Available at Amazon:
available at Amazon
Lamentazioni per la Settimana Santa, María Cristina Kiehr, Concerto Soave, Jean-Marc Aymes
(May 8, 2007)
The Lamentations of Jeremiah are liturgically proper to the Triduum, when the Church bewails the execution of Jesus as Jeremiah did the destruction of Jerusalem. The book represented the summa of literary lament, echoed by Dante in his account of the death of Beatrice, for example, in La vita nuova. The text is a highly stylized set of poems, four of which are abecedarian in structure, meaning the initial letters of the 22 verses are in alphabetical sequence. In the Latin translation used by the Catholic Church, the Hebrew letters starting each verse were preserved in transliterated form (aleph, beth, etc.). These exotic words intrigued composers who set the Lamentations to music, first as chant and later in polyphony, inspiring lengthy melismas and unusual harmonic colors. This new disc from Concerto Soave is a meltingly beautiful and musicologically fascinating survey of late 16th- and early 17th-century monodic settings of the Lamentations, featuring the mellifluous and seamless voice of María Cristina Kiehr.

The disc is split into three parts, one for each of the traditional days of the Triduum. Each day features selections from Lamentations settings by a range of composers, some better known (Carissimi, Frescobaldi, Palestrina) than others (Kapsberger, Marcorelli, and some anonymous composers), as well as an instrumental toccata to provide diversion within each day. The excellent continuo accompaniment combines viola da gamba, harp, archlute, lirone, and an odd hybrid instrument called the claviorganum. The unusual tuning of the latter makes quite an aural impression in some of the instrumental selections. In most cases, a complete recording of each composer's Lamentations set would be worthwhile. Taken together, the disc represents a severely telescoped trilogy of the Triduum Tenebrae services, with a focus on the opera/oratorio type of monody that was dominant in the late Renaissance and early Baroque periods.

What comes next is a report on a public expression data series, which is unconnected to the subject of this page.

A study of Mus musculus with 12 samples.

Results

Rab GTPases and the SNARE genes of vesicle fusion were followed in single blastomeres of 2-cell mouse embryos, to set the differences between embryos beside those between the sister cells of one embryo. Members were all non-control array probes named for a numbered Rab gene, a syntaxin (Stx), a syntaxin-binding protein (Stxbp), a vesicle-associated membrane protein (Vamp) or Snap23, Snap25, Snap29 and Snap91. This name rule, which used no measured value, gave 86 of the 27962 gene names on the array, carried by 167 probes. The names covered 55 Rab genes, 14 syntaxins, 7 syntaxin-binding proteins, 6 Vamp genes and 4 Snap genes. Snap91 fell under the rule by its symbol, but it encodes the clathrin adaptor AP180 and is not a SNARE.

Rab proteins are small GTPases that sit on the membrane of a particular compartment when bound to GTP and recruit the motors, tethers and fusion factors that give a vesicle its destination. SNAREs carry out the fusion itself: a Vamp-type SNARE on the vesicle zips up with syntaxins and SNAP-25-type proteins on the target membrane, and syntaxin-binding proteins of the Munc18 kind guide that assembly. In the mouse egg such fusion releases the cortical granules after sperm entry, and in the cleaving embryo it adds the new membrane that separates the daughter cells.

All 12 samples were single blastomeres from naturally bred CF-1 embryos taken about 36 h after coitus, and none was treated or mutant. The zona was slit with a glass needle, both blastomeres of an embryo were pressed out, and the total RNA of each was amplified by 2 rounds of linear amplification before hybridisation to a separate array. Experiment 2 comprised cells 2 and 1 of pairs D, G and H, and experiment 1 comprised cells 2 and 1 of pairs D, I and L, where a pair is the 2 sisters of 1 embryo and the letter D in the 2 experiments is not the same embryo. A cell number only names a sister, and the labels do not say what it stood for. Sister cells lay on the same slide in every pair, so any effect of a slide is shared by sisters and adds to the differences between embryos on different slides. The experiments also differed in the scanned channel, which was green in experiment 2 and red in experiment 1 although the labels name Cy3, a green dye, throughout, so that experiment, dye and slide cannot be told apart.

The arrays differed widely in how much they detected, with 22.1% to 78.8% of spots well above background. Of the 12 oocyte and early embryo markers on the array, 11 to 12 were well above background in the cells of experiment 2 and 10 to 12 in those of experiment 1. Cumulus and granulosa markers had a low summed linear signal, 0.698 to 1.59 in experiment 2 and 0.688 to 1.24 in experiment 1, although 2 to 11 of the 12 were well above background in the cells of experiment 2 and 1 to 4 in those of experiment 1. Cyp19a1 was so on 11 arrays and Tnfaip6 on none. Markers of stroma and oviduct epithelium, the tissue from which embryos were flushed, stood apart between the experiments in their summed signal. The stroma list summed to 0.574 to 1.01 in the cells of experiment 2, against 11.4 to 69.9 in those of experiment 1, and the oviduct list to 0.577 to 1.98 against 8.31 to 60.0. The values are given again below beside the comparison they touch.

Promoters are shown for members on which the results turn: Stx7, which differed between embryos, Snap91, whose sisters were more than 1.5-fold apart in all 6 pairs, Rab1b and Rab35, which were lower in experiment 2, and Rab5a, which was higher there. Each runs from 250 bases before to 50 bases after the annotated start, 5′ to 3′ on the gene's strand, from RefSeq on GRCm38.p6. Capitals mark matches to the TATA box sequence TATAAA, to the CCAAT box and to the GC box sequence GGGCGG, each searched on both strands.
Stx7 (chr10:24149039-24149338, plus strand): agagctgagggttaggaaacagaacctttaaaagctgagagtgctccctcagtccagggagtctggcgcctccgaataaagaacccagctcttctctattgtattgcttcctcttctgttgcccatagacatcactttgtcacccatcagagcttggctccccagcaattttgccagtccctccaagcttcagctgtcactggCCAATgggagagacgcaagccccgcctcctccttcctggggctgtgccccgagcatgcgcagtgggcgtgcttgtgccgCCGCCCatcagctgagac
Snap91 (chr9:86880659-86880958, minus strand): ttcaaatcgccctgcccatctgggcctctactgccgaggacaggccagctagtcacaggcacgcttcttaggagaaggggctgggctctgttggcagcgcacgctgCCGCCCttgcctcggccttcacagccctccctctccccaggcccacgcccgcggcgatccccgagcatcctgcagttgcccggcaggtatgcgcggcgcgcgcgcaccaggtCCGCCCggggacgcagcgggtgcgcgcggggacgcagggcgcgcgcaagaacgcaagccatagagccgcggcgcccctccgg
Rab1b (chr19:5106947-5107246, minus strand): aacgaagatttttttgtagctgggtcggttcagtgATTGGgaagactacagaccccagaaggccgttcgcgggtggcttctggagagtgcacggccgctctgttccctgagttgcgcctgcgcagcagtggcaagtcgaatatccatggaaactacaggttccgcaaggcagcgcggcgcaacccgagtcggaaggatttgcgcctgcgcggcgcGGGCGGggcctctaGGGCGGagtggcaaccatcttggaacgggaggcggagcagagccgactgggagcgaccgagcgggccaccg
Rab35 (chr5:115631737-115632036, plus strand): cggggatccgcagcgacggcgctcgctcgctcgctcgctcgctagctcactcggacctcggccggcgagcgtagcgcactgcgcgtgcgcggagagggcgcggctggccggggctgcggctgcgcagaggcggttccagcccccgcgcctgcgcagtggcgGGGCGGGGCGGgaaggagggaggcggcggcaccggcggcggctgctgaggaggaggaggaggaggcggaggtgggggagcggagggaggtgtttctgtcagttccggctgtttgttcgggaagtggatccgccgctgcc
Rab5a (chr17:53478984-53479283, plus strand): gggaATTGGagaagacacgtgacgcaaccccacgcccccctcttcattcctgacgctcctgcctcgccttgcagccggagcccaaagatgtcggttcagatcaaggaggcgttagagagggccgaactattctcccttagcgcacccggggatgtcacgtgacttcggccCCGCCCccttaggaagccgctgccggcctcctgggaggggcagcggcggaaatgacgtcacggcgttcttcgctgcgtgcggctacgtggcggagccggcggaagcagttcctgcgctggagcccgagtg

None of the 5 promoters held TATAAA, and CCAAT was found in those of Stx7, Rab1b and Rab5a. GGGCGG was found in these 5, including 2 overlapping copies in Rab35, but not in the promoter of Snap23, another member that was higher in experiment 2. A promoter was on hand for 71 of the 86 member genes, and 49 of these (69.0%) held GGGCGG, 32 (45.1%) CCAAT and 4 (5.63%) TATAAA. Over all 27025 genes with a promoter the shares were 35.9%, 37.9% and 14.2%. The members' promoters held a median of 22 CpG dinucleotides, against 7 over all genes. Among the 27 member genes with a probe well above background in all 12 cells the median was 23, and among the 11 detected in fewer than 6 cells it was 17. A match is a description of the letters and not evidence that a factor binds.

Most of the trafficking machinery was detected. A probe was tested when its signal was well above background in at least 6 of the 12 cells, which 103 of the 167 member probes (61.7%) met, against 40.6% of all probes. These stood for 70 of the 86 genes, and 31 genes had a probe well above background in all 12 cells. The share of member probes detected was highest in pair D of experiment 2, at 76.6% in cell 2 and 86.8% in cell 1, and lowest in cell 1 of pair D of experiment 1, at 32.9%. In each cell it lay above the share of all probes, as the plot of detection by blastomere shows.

Kiehr's searing rendition of the refrain that always concludes the Lamentations readings at Tenebrae ("Jerusalem, Jerusalem, convertere ad dominum deum tuum") in the second Carissimi selection could compel the hardest heart to conversion, if not to Jesus then at least to Kiehr's voice. The concise but informative liner essay is by Barbara Nestola, a brilliant younger scholar at the Centre de Musique Baroque de Versailles. The only drawback is the translations, which do not correspond to the Latin text of the Vulgate. The English text has been lifted directly from the King James Bible, which was made directly from the Hebrew texts and at many points is not at all what the singer is singing. This is an issue especially because these composers were all principally concerned with setting the words carefully and with an appropriate affect. This is probably not to everyone's taste, especially at this high price, but for those who like the music of this period, it is a worthy choice.

Harmonia Mundi HMC 901952


Akimon Azuki said...

Interesting... I am a big fan of Couperin's and Gesualdo's Tenebrae, and I have, between the two of them, at least eight or so versions of these lamentations, so I have no choice but to check this new release out.. . Damn Harmonia Mundi and their constant siege of my wallet! I was hoping Amazon would have this in their new MP3 store , but no luck. CD-wise, ArkivMusic has a better price for what seems to be a domesticated HM release , as opposed to Amazon import version. They also have a deal with HM for the iTunes releases, but it seems they are a bit behind on the new ones.

Charles T. Downey said...

Thanks for the Arkiv tip. The price is an issue. As for Lamentations, please tell me that you have the Tallis set in your collection. The Tallis Scholars recording, from way back when, is dynamite. Amazon has a track for sale at the MP3 store. Great development, that.